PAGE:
Former congresswoman Linda Smith knows how to tell a story. And when that story weaves through the lives of victimized children, her narrative skill quickens all the more. An underlying force of rage and horror pierces the pages of Smith's forthcoming book, Renting Lacy. In it, she compresses 12 years of accrued knowledge on domestic sex trafficking into riveting accounts of the girls, the pimps, and the johns that make up this silent industry.
If Smith has her way, it will be silent no more. The founder and director of Shared Hope International released findings Friday from an extensive national study meant to flood light into a very dark societal blight. The 91-page report uncovers the realities of child trafficking in 10 U.S. locations. With almost 300 interviews, firsthand reporting, and statistical data collected over two years, the document gives teeth to the consensus estimate that some 100,000 American children are victimized in prostitution every year.
Smith's report uncovers disturbing patterns in the approach to dealing with the problem-namely, a pervasive misidentification of the victims as criminals and a gross lack of public services or systems to help rescued children heal. Chief among the offending cities, Las Vegas serves as a national center for domestic trafficking. Overwhelmed by the hundreds of children sent to the streets each night, law enforcement officials often are left with little choice but to arrest the victims. The 226 minors adjudicated for child prostitution over a recent two-year span spent an average of 16 days in juvenile detention facilities.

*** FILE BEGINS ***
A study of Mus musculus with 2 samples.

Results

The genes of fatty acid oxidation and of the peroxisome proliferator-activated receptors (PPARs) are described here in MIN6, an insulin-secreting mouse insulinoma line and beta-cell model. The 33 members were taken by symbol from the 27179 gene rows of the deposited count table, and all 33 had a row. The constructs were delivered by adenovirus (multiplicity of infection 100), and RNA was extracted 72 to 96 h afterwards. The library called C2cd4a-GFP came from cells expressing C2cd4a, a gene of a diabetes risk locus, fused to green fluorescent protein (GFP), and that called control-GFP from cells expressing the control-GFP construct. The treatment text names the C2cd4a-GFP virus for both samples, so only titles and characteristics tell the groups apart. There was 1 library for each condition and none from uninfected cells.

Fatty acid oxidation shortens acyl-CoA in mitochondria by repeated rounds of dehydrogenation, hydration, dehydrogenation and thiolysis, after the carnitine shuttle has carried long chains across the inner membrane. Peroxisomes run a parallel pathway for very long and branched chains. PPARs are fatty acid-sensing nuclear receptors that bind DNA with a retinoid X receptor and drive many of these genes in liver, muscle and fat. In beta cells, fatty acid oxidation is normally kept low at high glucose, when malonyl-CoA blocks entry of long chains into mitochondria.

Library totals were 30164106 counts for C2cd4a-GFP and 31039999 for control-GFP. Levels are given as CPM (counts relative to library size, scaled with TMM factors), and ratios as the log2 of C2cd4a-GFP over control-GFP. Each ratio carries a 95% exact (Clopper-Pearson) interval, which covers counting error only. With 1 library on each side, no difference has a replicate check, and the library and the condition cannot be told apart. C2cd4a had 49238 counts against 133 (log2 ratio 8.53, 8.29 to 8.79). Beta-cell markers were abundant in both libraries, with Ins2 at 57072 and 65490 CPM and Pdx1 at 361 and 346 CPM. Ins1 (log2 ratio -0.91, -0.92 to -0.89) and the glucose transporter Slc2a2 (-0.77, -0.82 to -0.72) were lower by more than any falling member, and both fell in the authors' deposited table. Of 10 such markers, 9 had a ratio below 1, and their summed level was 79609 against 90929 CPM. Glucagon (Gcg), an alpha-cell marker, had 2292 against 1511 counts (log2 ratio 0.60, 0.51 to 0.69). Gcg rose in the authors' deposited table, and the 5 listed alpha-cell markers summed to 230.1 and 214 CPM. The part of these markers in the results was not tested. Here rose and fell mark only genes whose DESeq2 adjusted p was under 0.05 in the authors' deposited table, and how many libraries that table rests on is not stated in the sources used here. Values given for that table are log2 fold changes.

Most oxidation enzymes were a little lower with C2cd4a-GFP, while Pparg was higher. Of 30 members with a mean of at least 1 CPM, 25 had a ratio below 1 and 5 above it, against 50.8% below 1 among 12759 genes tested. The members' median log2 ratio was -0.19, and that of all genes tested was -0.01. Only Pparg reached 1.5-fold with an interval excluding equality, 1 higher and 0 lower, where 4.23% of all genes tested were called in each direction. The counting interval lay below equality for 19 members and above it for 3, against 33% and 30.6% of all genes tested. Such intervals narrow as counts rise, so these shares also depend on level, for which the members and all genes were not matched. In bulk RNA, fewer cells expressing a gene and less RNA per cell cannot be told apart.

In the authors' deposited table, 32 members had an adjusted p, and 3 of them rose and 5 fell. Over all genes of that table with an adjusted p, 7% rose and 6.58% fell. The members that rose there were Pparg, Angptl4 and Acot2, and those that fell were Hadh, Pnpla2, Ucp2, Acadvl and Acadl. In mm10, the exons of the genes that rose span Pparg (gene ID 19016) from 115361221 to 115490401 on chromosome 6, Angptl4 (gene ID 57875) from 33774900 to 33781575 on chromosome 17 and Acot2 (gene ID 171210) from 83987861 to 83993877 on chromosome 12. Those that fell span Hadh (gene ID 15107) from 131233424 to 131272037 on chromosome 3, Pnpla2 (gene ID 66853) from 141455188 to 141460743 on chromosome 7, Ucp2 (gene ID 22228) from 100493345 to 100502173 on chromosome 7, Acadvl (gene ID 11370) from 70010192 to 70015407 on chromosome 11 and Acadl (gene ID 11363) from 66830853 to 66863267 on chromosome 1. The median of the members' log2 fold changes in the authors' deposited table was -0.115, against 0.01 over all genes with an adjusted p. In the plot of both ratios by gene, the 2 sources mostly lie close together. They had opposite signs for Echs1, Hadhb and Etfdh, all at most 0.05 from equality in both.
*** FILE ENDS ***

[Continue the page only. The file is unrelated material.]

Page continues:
In an effort to publicize such findings, Shored Hope International will lead a three-mile march through the Las Vegas Strip Friday evening, culminating in a candlelight vigil. "This is not just about Las Vegas," Smith said. "This is just one of the places that failed, and it's a bad place that failed. But it's about our nation."
Indeed, organizers around the country will hold similar events, all aimed at drawing attention to the national report. The Las Vegas rally headlines the effort. "We identified nearly 1,500 children and where they came from, their arrest date, how old they were, whether they were being pimped, and what state and city they were from. We're going to have people stand for children that could not, because they were being sold behind closed doors in Las Vegas. Somebody needs to stand for them."
Somebody needs to stand for Tonya, one of several victims interviewed in the report: "I always felt like a criminal. I never felt like a victim at all. Victims don't do time in jail, they work on the healing process. I was a criminal because I spent time in jail. I definitely felt like nothing more than a criminal."